Does every pair of equal-area polygons have a hinged dissection? A dissection of one polygon A to another B is a partition of A into a finite number of pieces that may be reassembled to form B. A hinged dissection is a dissection where the pieces are hinged at vertices and the reassembling is achieved by rotating the pieces about their hinges in the plane of the polygons.
[DDE+03], [Fre02, p. 3].
Now settled: Hinged dissections exist [AAC+08]. Update to this entry soon.
Partial and Related Results
There are two main partial results. First, any two polyominoes of the same area have a hinged dissection [DDE+03]. A polyomino is a polygon formed by joining unit squares at their edges; see [Kla97] and Problem 37. The polyomino result generalizes to hinged dissections of all edge-to-corresponding-edge gluings of congruent copies of any polygon. Second, any asymmetric polygon has a hinged dissection to its mirror image [Epp01]. Both of these results interpret the problem as ignoring possible intersections between the pieces as they hinge, following what Frederickson calls the ``wobbly-hinged'' model. This freedom may not be necessary, although this seems not to be established in the literature.

Many specific examples of hinged dissections can be found in [Fre02].

Entry Revision History
J. O'Rourke, 25 Mar 2003; J. O'Rourke, 23 Jan 2009.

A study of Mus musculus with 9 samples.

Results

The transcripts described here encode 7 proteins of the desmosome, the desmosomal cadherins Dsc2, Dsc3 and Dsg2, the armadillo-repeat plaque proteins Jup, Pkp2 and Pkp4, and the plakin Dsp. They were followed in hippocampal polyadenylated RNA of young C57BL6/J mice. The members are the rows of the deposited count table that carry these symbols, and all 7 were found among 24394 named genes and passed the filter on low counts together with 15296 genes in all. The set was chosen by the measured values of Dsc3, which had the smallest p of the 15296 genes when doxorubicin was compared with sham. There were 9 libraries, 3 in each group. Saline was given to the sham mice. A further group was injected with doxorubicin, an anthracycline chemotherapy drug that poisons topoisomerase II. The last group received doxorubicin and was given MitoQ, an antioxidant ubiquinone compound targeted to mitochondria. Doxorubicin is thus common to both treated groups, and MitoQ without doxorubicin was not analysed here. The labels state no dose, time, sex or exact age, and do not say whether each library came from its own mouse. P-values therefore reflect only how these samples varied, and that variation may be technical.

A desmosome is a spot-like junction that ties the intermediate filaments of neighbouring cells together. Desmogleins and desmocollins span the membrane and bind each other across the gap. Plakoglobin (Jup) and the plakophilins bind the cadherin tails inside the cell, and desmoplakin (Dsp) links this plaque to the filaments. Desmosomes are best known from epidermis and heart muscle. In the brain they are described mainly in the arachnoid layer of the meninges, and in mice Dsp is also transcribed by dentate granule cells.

Timothy G. Abbott, Zachary Abel, David Charlton, Erik D. Demaine, Martin L. Demaine, and Scott D. Kominers.
Hinged dissections exist.
In Proceedings of the 24th Annual ACM Symposium on Computational Geometry (SoCG 2008), pages 110-119, College Park, Maryland, June 9-11 2008.

Erik D. Demaine, Martin L. Demaine, David Eppstein, Greg N. Frederickson, and Erich Friedman.
Hinged dissection of polyominoes and polyforms.
Computational Geometry: Theory and Applications, 2003.
To appear. arXiv:cs.CG/9907018, Revised version of paper in Proc. 11th Canad. Conf. Comput. Geom. 1999, 15-18.

David Eppstein.
Hinged kite mirror dissection.
ACM Computing Research Repository, June 2001.

Greg Frederickson.
Hinged Dissections: Swinging & Twisting.
Cambridge University Press, 2002.

David A. Klarner.
In Jacob E. Goodman and Joseph O'Rourke, editors, Handbook of Discrete and Computational Geometry, chapter 12, pages 225-242. CRC Press LLC, Boca Raton, FL, 1997.

Joseph O'Rourke.
Computational geometry column 44.
Internat. J. Comput. Geom. Appl., 13(3):273-275, 2002.
Also in SIGACT News, 34(2):58-60 (2002), Issue 127.